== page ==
This is the third in a 3-part series on tax reform in Washington state. You may also want to read Part 1, "Olympia: So many bills, so little tax reform," and Part 2, "Olympia: Breaking up with a tax favor is so hard to do."
From Tax Incentives, Washington State Tax Structure Study, Alternatives Subcommittee Paper, April 18, 2002.
“The issue of whether tax incentives achieve their stated purpose remains an open question. There are limited means to determine who benefits from tax incentives and if they are effective in creating jobs. Washington law requires the Department of Revenue to prepare a periodic compilation of the reduction in revenues from all tax incentives and exemptions. A few other states have enacted programs that require firms to publicly disclose information on the amount of their tax savings and on the creation of jobs and goal attainment.
Studies that examine the effectiveness of tax incentives have conflicting and inclusive results. Academic studies show small, if any, impact on growth. There are studies involving interviews or surveys showing that for individual firms tax incentives are working to create jobs in the communities in which they locate.”
Let’s start with this premise: Once a tax break is enacted, it’s difficult to modify or eliminate. What's more, analyzing the effectiveness of a tax break – the benefits versus the costs – is a problematic exercise. At least this seems to be the conclusion of many economists and others who have closely studied the use of tax breaks by states to stimulate their economies.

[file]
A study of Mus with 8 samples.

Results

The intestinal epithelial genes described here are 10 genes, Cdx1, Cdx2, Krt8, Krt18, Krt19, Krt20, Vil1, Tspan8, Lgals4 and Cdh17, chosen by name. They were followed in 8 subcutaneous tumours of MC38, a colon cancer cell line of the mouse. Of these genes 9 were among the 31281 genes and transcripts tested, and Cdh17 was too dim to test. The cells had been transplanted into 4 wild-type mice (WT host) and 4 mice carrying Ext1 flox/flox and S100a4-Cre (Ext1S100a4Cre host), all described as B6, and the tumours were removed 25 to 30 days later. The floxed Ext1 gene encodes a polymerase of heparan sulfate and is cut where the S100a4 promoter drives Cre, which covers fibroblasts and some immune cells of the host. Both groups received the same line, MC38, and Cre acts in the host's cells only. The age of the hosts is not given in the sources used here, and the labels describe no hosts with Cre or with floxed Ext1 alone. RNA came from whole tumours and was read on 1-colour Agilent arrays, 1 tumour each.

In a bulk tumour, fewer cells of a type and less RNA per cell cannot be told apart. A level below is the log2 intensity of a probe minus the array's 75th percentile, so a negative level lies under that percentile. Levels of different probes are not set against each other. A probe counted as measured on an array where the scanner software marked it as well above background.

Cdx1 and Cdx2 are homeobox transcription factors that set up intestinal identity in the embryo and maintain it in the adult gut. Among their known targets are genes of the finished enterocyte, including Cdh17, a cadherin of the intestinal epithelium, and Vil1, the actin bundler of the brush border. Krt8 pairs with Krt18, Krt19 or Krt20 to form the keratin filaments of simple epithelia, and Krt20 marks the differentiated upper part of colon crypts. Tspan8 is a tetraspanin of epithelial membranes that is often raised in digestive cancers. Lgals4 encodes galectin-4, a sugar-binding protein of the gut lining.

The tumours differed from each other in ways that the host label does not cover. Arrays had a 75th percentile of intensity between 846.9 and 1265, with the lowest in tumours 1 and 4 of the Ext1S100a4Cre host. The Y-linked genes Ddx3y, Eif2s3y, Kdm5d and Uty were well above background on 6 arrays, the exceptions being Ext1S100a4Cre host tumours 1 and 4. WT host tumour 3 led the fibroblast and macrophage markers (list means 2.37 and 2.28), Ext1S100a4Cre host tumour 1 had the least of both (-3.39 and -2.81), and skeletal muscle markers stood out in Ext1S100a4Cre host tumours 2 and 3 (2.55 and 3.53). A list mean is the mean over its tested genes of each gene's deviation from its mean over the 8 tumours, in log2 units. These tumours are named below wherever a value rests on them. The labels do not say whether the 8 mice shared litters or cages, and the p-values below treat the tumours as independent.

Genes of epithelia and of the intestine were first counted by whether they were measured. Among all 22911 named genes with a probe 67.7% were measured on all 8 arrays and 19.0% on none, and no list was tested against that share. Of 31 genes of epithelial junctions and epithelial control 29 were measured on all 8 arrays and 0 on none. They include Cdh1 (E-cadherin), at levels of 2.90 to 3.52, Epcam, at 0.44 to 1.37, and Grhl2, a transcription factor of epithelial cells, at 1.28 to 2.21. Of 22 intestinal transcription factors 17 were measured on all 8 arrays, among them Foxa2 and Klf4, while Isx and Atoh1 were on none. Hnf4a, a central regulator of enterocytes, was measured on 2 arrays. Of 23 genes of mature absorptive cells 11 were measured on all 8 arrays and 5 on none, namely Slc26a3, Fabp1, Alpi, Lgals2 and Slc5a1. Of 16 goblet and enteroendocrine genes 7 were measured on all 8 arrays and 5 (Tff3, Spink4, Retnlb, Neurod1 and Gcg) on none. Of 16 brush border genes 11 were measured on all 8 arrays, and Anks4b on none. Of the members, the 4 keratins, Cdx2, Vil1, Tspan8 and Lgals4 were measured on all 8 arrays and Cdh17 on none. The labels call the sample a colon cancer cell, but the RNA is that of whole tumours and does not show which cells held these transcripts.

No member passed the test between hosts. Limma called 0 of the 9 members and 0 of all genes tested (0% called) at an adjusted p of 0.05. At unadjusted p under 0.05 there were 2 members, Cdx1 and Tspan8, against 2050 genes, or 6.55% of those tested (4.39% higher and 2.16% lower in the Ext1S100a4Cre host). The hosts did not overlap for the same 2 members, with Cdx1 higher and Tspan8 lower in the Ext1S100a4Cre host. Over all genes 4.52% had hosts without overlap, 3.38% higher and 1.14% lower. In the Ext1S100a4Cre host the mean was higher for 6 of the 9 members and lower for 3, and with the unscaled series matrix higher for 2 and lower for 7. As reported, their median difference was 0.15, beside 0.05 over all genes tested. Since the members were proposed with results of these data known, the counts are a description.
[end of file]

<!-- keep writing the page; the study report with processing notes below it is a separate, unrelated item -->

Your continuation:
Individual tax breaks on the books need to be carefully reviewed using an improved set of evaluation criteria, yes, but the whole idea that they are an effective way of fueling economic development and growth also requires a much closer look.
If this is true, we need to find new approaches. Here are a few suggestions in the category of personal opinion. Several will require legislative action.
1) Business incentives need to be grouped and given review priority.
Currently, the Citizen Commission puts together a 10-year plan for reviewing all tax exemptions. Health industry tax exemptions are slated to be reviewed next year under this plan.
While it’s certainly appropriate to submit health preferences to an early review — the cost of health care is a major policy issue — there are also numerous business incentives that may or may not contribute to the state’s economic condition that also should be reviewed without delay.
2) A new evaluation factor should be added for determining need among companies that receive tax credits.
House Bill 2532 tried to address this issue in the context of the high-tech R & D credit. But it got unduly complicated by involving contributions to the Opportunity Expansion Program for the purpose of increasing slots leading to degrees in high demand areas such as computer science.
The credit is clearly not needed by well-established firms with the means to invest in R & D. Several firms could be cited, but Microsoft serves as an example. At last count Microsoft had $53 billion available for investment. It should be possible to draw a line somewhere between zero and $50 billion, above which a firm is able to fund R & D without taxpayer assistance.
3) Statutory restrictions on what can be reviewed should be removed, especially the manufacturing machinery & equipment (M & E) exemption and the small business credit.
Currently, tax exemptions for small businesses and manufacturing firms that invest in machinery and equipment aren't subject to review at all. Both are used heavily, and both were the subject of bills in the last legislative session expanding the preferences.